That cell at C.A. Dillon School, the odor, the roaches, the chaos in my mind dulled to an annoying din with Haldol and Cogentin -- this was my personal teenage hell. I celebrated my 16th birthday there. When most boys my age were newly licensed drivers, dating, and looking forward to the prom, I was languishing behind a steel door, broken already when I hadn't yet begun to live.
My closest friend at Dillon was Kevin Martin. The two of us were housed on the same wing -- Wing 1, I believe it was -- for a while. We would be the only two left behind in our calls during the day while the other kids were at school, and he would talk to me from behind his door and try to rouse me from my drugged, lethargic dream world. At one point we were going to break out. When one of the staff members entered the hallway to let us out of our cells for showers we were going to jump him and take the big brass key that would open the door at the end of the hallway. Once outside we would climb the fence and sprint away to freedom.
It was a stupid idea and I was in no condition physically for fighting, climbing, or running. Staff caught wind of our plan (they likely heard it from us as we had to yell to hear each other) and came to move me to another wing so Kevin and I would be separated. I armed myself with two sharp pencils, fully intending to stab one or more of them when they stormed my cell. When the door opened they came fast, rolling in four deep, and though I tried to bury a pencil into the neck of the first guy, he somehow managed to grab my arm. Before I could bring the second pencil into play, the second staff member had my other arm and they were both bending my wrists in painful ways while yelling for me to drop the pencils.
When I finally relented and dropped my weapons, the four of them carried me by my arms and legs to a cell in Wing 3. Once they'd succeeded in locking me in I immediately stood up on the bed and pissed on the wall, and then, having relieved myself, I stepped down and proceeded to bang my head against the door repeatedly.
Five minutes later when they returned with the heavy canvas strait-jacket, I could only laugh and hold out my arms as they slid it on and fastened the straps in the back. Already exhausted from the earlier struggle, there was no way I could resist now.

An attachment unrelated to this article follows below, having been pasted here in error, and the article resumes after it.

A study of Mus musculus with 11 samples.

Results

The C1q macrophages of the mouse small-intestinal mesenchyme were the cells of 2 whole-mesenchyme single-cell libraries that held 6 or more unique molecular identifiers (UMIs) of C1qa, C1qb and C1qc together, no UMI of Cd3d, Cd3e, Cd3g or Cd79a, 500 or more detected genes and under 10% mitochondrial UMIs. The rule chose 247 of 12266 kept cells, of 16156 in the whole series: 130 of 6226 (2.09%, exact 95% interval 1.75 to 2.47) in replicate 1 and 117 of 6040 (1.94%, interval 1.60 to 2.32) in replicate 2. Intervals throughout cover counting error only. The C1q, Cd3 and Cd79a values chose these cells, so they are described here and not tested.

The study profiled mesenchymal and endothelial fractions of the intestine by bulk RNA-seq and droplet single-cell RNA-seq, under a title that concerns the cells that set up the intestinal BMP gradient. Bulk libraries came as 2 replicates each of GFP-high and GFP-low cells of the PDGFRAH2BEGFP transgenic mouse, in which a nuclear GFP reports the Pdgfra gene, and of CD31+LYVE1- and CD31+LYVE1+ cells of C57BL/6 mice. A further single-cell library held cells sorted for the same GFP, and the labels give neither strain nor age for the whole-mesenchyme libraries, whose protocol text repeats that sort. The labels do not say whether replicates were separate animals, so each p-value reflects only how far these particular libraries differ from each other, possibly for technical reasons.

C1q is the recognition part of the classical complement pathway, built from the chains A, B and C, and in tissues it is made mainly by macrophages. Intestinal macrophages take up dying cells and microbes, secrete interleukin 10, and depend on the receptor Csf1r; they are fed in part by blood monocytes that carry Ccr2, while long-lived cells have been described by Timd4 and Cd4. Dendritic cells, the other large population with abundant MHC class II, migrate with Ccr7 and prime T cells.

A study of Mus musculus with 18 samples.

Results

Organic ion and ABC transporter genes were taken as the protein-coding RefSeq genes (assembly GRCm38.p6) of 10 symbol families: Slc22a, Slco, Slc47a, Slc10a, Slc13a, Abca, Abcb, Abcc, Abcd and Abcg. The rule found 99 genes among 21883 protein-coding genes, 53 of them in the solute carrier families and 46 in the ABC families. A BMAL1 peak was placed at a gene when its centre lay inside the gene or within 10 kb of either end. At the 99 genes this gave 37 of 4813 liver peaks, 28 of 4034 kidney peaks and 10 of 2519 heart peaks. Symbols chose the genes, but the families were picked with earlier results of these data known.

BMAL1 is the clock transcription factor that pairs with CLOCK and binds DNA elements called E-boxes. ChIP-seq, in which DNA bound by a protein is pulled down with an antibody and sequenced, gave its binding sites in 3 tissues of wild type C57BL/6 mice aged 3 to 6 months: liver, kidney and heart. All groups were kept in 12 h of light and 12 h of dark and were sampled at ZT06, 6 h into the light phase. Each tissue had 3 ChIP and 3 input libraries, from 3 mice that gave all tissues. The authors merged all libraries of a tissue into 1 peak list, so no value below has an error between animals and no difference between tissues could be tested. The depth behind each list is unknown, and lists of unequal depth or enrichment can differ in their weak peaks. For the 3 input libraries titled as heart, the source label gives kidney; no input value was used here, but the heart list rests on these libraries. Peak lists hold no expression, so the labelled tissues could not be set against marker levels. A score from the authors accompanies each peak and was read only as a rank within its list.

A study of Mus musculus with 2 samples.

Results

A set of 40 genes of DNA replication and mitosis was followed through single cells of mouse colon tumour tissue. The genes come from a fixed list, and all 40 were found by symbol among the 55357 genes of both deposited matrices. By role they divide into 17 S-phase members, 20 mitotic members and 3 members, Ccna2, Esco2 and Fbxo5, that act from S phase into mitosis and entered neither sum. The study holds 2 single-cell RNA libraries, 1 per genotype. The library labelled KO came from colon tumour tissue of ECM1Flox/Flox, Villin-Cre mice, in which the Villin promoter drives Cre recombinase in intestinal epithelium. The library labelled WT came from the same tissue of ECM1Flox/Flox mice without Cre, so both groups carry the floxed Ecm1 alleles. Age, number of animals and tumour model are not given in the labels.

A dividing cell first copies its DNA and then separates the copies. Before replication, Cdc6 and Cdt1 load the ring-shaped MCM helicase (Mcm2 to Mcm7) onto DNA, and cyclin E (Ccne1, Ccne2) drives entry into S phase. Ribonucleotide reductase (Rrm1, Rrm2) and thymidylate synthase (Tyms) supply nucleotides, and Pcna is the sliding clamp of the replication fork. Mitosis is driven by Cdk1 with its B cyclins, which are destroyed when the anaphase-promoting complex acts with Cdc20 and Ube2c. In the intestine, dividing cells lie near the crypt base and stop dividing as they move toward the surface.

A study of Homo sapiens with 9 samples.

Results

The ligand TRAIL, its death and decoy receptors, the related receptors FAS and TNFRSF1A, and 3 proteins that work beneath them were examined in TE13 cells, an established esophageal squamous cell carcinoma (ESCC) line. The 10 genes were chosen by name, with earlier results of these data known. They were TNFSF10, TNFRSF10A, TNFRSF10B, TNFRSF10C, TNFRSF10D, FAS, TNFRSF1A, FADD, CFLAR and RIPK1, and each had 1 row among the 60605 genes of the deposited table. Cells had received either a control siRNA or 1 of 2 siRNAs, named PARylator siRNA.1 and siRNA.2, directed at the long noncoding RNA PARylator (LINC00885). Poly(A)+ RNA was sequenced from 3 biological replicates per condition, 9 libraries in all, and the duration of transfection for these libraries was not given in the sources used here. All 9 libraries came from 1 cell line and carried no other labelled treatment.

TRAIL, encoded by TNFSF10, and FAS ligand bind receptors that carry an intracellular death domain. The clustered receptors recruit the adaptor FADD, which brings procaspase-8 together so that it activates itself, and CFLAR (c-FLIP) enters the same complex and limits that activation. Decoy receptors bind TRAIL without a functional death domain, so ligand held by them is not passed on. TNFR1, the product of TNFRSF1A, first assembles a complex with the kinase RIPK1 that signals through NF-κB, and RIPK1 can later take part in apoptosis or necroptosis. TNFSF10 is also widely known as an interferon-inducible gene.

When fully strapped in I realized the strait-jacket is just an ingenious torture device, probably invented by the same person who invented the rack and thumbscrews. My arms were wrapped tight around my body and held in place by a vertical strap along the front of the garment. The sleeves were pulled around back and strapped in place along with a number of other straps, but most painful of all was the strap pulled up between my legs and buckled tight in back so it dug into my crotch. Aside from the obvious pain in my groin, the combined pressure from the tightly cinched straps bent my lower back in a way that made any movement painful.
For the first 15-20 minutes I stood there singing old Pink Floyd songs, pretending not to be bothered at all, but slowly the pressure and the pain began to build until my groin throbbed and my spine felt as if it might snap. After a couple of hours of this torture they finally removed the strait-jacket. I was moved to another cell -- one that didn't reek of piss -- and there I promptly fell into bed and went to sleep..
Looking back on these events from within the confines of yet another cell, I feel a profound sense of sadness. At that point in my life I knew only rage, a white-hot inferno that no modern pharmaceutical could quench. I wish I could travel back in time and talk sense to that angry, screwed up boy in that strait-jacket. The medicine he needed the was not Haldol, restraint devices, or locked doors and fences. What he needed was real talk combined with a heavy dose of love and understanding.